Debunking common pregnancy myths

Pregnancy is a transformative and remarkable journey. However, it is surrounded by numerous pregnancy myths that can cause unnecessary worry and confusion. Obstetrician and gynaecologist Dr Kylie Isaacs is here to kick those misconceptions to the kerb.

 


 

Myth 1: ‘You must eat for two during pregnancy’

One of the most prevalent pregnancy myths is that pregnant women must eat twice as much as usual. The truth is that calorie requirements during pregnancy only increase modestly. Most pregnant women require an additional 300-500 calories daily, depending on their pre-pregnancy weight and activity level. Focusing on a balanced diet rich in fruits, vegetables, lean proteins, and whole grains is more important than consuming excess calories.

 

Myth 2: ‘You cannot exercise during pregnancy’

Another of the pregnancy myths that isn’t true! Exercise during pregnancy offers numerous benefits, including improved mood, reduced pregnancy discomfort, and better overall health. Unless expressly advised by a healthcare professional due to medical concerns, most pregnant women can engage in moderate exercise. Activities such as walking, swimming, prenatal yoga, and low-impact aerobics are generally safe. It is crucial to consult with your healthcare provider to determine the most appropriate exercise routine for your circumstances.

 

Myth 3: ‘Morning sickness only happens in the morning’

Contrary to its name, morning sickness can occur at any time. Nausea and vomiting during pregnancy are not limited to mornings and can persist throughout the day. The exact cause of morning sickness is not fully understood, but hormonal changes and an increased sense of smell are believed to play a role. Fortunately, most cases of morning sickness resolve by the end of the first trimester. In severe cases, medication and lifestyle modifications can help manage the symptoms.

 

Myth 4: ‘Heartburn during pregnancy means your baby will have a lot of hair’

While it may seem intriguing, the amount of heartburn experienced during pregnancy has no scientific correlation with the amount of hair on the baby’s head. Heartburn is caused by hormonal changes and the growing uterus pressing on the stomach. Genetics and ethnicity determine the hair growth of the baby, not the presence or absence of heartburn.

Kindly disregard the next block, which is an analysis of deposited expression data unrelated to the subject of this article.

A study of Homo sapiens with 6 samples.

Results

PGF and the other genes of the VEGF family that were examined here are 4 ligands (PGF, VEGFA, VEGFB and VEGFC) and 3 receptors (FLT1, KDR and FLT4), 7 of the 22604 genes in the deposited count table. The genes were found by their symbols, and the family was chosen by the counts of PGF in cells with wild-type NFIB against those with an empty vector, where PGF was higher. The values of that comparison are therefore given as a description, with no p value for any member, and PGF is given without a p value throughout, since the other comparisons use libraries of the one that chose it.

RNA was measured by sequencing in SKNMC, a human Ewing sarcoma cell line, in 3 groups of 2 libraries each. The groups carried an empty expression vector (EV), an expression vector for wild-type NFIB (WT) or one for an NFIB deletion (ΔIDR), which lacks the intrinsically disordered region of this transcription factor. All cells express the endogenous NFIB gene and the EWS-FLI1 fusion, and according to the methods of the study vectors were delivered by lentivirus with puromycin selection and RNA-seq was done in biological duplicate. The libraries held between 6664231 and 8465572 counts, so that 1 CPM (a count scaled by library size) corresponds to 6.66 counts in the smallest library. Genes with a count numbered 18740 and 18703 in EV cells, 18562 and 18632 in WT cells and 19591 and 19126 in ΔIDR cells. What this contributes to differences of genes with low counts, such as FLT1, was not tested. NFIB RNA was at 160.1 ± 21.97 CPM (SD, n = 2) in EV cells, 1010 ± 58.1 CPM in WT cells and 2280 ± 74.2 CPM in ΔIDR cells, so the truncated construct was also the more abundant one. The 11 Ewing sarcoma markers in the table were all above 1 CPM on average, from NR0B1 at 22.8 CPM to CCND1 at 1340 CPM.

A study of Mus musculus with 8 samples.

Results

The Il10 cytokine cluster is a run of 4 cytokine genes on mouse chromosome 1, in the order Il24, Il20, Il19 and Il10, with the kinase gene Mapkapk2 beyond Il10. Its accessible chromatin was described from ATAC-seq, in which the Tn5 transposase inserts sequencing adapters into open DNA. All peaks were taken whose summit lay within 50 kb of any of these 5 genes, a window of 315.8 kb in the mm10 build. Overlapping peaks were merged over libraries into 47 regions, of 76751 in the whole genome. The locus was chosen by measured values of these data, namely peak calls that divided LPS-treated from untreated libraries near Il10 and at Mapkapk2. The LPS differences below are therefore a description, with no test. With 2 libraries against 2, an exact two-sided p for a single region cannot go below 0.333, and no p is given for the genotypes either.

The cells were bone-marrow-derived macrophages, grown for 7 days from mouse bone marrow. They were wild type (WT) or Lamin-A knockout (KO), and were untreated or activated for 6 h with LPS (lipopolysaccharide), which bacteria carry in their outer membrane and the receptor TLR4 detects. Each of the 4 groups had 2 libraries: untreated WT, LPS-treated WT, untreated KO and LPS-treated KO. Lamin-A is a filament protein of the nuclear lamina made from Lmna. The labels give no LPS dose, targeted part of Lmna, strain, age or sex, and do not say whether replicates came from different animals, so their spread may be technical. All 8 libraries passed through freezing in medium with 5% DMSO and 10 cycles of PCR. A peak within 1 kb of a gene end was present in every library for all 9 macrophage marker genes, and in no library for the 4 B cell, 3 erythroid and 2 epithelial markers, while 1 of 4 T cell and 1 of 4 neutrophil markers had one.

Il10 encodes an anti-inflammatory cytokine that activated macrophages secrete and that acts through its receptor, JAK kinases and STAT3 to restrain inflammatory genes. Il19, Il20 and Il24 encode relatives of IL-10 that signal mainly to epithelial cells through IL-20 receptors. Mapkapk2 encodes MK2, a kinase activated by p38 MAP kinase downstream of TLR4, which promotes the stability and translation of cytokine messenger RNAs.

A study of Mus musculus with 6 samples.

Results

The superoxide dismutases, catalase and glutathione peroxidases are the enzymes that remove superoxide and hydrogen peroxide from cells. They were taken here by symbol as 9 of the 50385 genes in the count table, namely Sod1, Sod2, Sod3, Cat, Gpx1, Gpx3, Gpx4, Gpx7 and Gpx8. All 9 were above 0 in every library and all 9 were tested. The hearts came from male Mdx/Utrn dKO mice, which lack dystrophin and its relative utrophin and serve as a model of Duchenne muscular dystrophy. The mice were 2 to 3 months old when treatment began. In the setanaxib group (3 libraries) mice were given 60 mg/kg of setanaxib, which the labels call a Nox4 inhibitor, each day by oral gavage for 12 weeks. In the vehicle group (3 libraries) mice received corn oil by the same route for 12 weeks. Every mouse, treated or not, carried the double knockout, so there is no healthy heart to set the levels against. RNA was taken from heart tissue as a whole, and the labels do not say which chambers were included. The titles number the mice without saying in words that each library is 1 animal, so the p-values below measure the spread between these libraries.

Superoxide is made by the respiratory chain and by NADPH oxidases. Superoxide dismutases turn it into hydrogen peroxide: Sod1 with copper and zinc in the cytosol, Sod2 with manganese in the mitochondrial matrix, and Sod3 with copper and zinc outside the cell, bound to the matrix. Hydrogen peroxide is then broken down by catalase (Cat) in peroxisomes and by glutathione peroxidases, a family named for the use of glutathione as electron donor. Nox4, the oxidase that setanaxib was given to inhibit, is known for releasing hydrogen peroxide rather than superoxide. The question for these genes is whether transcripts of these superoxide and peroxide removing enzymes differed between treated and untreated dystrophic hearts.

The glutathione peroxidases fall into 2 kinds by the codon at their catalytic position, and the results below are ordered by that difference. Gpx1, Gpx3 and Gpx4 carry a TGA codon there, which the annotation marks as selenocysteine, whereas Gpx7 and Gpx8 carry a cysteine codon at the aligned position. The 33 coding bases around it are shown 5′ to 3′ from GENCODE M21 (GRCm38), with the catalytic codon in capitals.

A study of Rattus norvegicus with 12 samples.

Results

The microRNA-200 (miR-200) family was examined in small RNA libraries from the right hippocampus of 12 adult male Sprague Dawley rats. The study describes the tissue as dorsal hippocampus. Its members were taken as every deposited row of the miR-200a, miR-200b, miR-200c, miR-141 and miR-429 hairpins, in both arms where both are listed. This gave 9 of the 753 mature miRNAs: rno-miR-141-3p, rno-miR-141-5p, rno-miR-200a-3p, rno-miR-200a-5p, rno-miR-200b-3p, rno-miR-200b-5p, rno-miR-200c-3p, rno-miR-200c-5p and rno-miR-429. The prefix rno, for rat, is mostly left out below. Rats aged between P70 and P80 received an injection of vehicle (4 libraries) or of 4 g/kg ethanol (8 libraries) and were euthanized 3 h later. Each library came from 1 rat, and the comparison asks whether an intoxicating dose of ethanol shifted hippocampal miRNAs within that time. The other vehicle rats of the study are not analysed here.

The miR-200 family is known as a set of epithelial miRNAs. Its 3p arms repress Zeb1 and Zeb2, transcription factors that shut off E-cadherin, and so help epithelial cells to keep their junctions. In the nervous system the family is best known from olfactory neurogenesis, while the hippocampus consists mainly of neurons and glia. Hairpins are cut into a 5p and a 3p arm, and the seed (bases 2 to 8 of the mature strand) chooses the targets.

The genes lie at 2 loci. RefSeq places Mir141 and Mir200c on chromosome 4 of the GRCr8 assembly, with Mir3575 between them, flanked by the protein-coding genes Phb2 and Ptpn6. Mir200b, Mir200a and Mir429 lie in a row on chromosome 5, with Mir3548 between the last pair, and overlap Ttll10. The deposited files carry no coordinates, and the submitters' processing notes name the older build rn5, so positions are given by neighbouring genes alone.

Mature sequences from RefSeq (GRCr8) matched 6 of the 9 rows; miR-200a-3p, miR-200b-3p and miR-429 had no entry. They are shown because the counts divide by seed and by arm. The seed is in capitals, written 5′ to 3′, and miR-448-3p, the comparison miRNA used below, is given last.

Myth 5: ‘You should avoid all seafood during pregnancy’

Fish and seafood are excellent sources of omega-3 fatty acids, which are crucial for the baby’s brain and eye development. However, certain types of fish may contain high mercury levels, which can harm the developing foetus. Limiting the consumption of high-mercury fish such as shark, swordfish, king mackerel, and tilefish is advisable. Instead, opt for low-mercury fish like salmon, shrimp, trout, and catfish, which provide the benefits of seafood without the associated risks.

 


While limiting caffeine intake during pregnancy is important, complete avoidance is unnecessary. Moderate caffeine consumption, equivalent to about 200 milligrams per day (approximately one cup of coffee), is generally considered safe. However, it is crucial to note that caffeine is found in various sources, including coffee, tea, chocolate, and some soft drinks. It is advisable to monitor overall caffeine intake and opt for decaffeinated or low-caffeine alternatives whenever possible.

When in doubt, consult a trusted healthcare professional who can provide evidence-based guidance tailored to your needs.

 


Dr Kylie Isaacs is an obstetrician and gynaecologist practising in Buderim on the Sunshine Coast, offering gynaecology surgical services and birthing at Buderim Private Hospital.